Friday, 22 May 2009

Clean Sweep 62

A round-up of recent news in clean technology and cleantech investment.

Environmental Technologies Fund has led a £5.1m follow-on round in speciality metals group Metalysis. Previous investors including 3i, Chord Capital, Seven Spires and defence tech group Qinetiq (investing via Cody Gate Ventures) also returned following the firm's £13m round in July 2007. 3i's involvement is interesting as the troubled private equity giant has previously announced that it will be exiting its venture investments.
Rotherham-based Metalysis is commercialising a patented electrolytic method for producing speciality metals (including tantalum, titanium and high grade alloys) from metal salts in a more financially and environmentally cost effective process.

German biogas operator has raised Euro60m new equity. The round was led by US-based TCW Group, with returning investors including London-based Ludgate Environmental Fund. The Münster-based firm also secured Euro10m mezzanine debt from Ecofin. develops and operates biogas CHP and biomethane production plant in Germany and Austria, with some 32MW installed capacity. The new funds will support organic growth and acquisitions.

California's Enphase Energy, a provider of electric inverters for solar modules, has closed a $22.5m round led by Madrone Capital Partners. Bay Partners also joined in the round, alongside previous investors Third Point Ventures, RockPort Capital Partners and Applied Ventures.
Enphase's 'microinverters' convert the DC output from individual PV modules into grid-ready AC power, removing the need for large traditional inverters. The tech can increase output by up to 25% while cutting costs by 15%.

Specialist VC Braemer Energy Ventures has invested $10m in lighting tech firm Fulham. The California company produces electronic ballasts which control the current powering fluorescent and LED lights, and expects strong growth as more territories ban energy-hungry incandescent lights.

Much-hyped electric car developer Tesla Motors has secured an undisclosed "double-digit million dollar sum" from auto group Daimler in return for a 10% strategic stake. The two firms had previously collaborated on fitting Tesla's Li-ion battery packs and charging electronics into Daimler's electric Smart cars.

Fund news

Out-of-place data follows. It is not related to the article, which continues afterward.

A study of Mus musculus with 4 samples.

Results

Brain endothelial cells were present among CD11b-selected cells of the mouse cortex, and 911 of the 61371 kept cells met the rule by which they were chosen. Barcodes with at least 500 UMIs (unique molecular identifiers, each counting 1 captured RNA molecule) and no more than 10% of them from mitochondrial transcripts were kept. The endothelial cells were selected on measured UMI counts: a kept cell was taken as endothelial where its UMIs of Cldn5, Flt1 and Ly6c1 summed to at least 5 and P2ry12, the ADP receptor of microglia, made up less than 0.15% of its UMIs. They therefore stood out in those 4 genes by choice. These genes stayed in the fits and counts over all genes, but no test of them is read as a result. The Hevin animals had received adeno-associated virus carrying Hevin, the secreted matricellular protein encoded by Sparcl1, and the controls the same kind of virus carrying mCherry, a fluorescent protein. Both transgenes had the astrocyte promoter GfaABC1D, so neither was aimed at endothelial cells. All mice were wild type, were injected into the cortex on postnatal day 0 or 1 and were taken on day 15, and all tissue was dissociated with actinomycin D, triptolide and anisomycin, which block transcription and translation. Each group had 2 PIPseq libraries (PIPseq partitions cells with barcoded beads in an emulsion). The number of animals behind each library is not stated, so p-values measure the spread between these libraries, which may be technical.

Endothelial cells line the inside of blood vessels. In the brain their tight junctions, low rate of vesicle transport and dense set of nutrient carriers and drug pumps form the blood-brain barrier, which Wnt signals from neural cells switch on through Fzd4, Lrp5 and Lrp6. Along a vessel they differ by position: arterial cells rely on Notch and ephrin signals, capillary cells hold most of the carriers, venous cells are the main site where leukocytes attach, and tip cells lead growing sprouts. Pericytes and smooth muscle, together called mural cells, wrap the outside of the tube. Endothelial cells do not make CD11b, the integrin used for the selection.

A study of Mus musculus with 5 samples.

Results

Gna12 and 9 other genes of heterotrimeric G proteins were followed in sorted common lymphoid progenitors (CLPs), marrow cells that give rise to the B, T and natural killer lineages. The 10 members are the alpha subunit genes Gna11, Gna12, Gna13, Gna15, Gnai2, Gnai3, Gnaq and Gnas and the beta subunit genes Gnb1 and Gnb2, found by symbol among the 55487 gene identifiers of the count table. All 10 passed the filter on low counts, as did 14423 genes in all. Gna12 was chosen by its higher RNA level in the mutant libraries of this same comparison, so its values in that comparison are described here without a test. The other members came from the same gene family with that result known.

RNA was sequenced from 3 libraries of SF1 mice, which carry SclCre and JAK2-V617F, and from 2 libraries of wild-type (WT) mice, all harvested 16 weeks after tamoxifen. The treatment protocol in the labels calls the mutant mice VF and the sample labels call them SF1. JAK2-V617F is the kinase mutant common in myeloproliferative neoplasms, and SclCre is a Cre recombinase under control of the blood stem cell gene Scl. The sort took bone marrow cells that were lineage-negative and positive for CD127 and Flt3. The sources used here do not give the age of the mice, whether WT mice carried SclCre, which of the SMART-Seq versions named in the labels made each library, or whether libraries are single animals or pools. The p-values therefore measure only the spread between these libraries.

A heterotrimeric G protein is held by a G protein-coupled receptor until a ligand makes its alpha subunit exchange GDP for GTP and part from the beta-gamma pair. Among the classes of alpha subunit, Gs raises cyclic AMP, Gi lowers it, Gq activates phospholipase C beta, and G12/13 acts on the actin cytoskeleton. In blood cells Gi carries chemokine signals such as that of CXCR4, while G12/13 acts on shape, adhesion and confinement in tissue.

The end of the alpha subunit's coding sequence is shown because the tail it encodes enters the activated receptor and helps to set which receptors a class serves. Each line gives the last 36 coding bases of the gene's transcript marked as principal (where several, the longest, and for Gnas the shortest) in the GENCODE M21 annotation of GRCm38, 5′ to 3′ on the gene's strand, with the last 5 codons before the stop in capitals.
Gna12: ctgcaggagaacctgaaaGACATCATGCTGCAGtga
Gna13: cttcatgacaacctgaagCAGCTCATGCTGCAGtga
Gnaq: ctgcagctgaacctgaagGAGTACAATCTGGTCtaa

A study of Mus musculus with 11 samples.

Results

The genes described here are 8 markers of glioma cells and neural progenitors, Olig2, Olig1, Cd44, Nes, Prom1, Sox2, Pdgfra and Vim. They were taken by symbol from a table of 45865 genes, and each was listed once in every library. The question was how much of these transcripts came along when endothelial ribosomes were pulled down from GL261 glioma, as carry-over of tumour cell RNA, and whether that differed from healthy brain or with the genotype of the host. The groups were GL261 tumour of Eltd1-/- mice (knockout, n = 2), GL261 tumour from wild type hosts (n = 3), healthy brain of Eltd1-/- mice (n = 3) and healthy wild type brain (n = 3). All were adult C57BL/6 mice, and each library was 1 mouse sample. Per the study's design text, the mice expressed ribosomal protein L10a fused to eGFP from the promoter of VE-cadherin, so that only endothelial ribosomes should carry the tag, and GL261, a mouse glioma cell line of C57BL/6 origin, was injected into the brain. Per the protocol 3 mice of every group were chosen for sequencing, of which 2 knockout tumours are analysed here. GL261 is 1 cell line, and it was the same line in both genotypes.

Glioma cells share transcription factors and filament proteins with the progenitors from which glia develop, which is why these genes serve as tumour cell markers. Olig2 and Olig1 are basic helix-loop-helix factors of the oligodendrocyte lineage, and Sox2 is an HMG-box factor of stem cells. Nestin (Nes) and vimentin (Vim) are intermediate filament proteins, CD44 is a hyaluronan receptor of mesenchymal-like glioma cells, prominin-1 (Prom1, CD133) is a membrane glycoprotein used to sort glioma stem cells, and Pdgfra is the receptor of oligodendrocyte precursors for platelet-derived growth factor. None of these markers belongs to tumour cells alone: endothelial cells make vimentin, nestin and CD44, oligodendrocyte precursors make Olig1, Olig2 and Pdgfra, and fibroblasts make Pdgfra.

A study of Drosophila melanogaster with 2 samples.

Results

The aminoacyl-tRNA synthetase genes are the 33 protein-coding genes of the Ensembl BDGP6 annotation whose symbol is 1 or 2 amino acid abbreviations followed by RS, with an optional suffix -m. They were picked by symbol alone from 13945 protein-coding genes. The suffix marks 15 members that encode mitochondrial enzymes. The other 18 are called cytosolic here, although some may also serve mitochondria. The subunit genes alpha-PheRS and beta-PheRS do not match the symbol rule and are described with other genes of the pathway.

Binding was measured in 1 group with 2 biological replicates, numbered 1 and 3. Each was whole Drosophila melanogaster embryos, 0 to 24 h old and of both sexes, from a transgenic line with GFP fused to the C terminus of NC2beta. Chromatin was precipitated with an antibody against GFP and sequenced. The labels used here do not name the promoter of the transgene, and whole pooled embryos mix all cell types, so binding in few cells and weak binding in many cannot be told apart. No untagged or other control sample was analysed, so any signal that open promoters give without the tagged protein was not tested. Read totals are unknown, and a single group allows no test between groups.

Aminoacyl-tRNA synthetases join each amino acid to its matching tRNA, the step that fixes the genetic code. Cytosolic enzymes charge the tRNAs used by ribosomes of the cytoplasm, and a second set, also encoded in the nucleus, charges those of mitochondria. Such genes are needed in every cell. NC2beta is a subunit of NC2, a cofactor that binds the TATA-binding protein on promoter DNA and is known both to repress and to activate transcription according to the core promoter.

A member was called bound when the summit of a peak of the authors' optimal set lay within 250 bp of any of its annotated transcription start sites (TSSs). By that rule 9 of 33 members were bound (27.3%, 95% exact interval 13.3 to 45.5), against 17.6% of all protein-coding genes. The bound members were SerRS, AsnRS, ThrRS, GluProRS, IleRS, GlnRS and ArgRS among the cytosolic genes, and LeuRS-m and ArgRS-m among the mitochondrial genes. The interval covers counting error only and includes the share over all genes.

Spain's Arcano Capital is launching a new cleantech fund-of-funds with a target of Euro200-250m. The Arcano Earth Fund will invest in around 15 cleantech and renewable energy funds around the world, concentrating on those backing established businesses and technologies.

Further reading
Ahead of December's COP15 summit in Copenhagen, the UN Framework Convention on Climate Change has released drafts of the key negotiating texts, offering a smorgasbord of international policy options to promote emissions reductions and technology transfer. Much of the detail is likely to be finessed at the Bonn talks in June.
It's a pretty significant move towards openness and accountability in these negotiations. Carbon Finance collects some positive reactions from private sector players.

Meanwhile, the Manchester Report aims to collect the most innovative ideas for tackling climate change to present at Copenhagen. The initiative is organised by the Manchester International Festival and the Guardian newspaper, and is open to submissions until 29 May.

International action largely depends on the US finally taking a lead, of course. Many hopes are being pinned to the proposed American Clean Energy and Security Act, likely to be the US's first major piece of carbon-reducing legislation to actually make it through the mill. Problem is, it seems to be deeply flawed, with the Economist calling it 'weaker and worse than expected'. The proposals on carbon permit trading seems particularly weak, with the vast majority of permits set to be handed out for nothing - pretty much the flaw that scuppered the early phases of the European Emissions Trading System.
Nobel-winning economist Paul Krugman is relatively sanguine: The legislation now on the table isn’t the bill we’d ideally want, but it’s the bill we can get — and it’s vastly better than no bill at all.

Interesting study from the US National Research Council on the potential for transport fuels from biomass and coal. Coal doesn't add up on carbon grounds - even with carbon-capture during the conversion process, net emissions are similar to oil - but will appeal on energy-security grounds. The study is more optimistic about biomass (ie, cellulosic ethanol) which it reckons could replace 15% of oil use for light transport with negligible carbon costs (or even negative with carbon capture during conversion).

In an interesting partnership in the hotly-tipped engineered geothermal sector, AIM-listed Oxford Catalysts has announced an agreement with Google-backed Potter Drilling. The UK firm will provide its 'instant steam' tech for use with Potter's hydrothermal spallation drilling process. California-based Potter secured $4m funding from last August.
Engineered geothermal systems promise to generate energy by pumping water through hot subterranean rocks, giving the opportunity to exploit geothermal power in locations not blessed with natural hot springs. Drilling and maintaining the necessary shafts, to depths of several miles, is a major engineering challenge - Australian developer Geodynamics recently suffered a rupture at a 4km-deep well.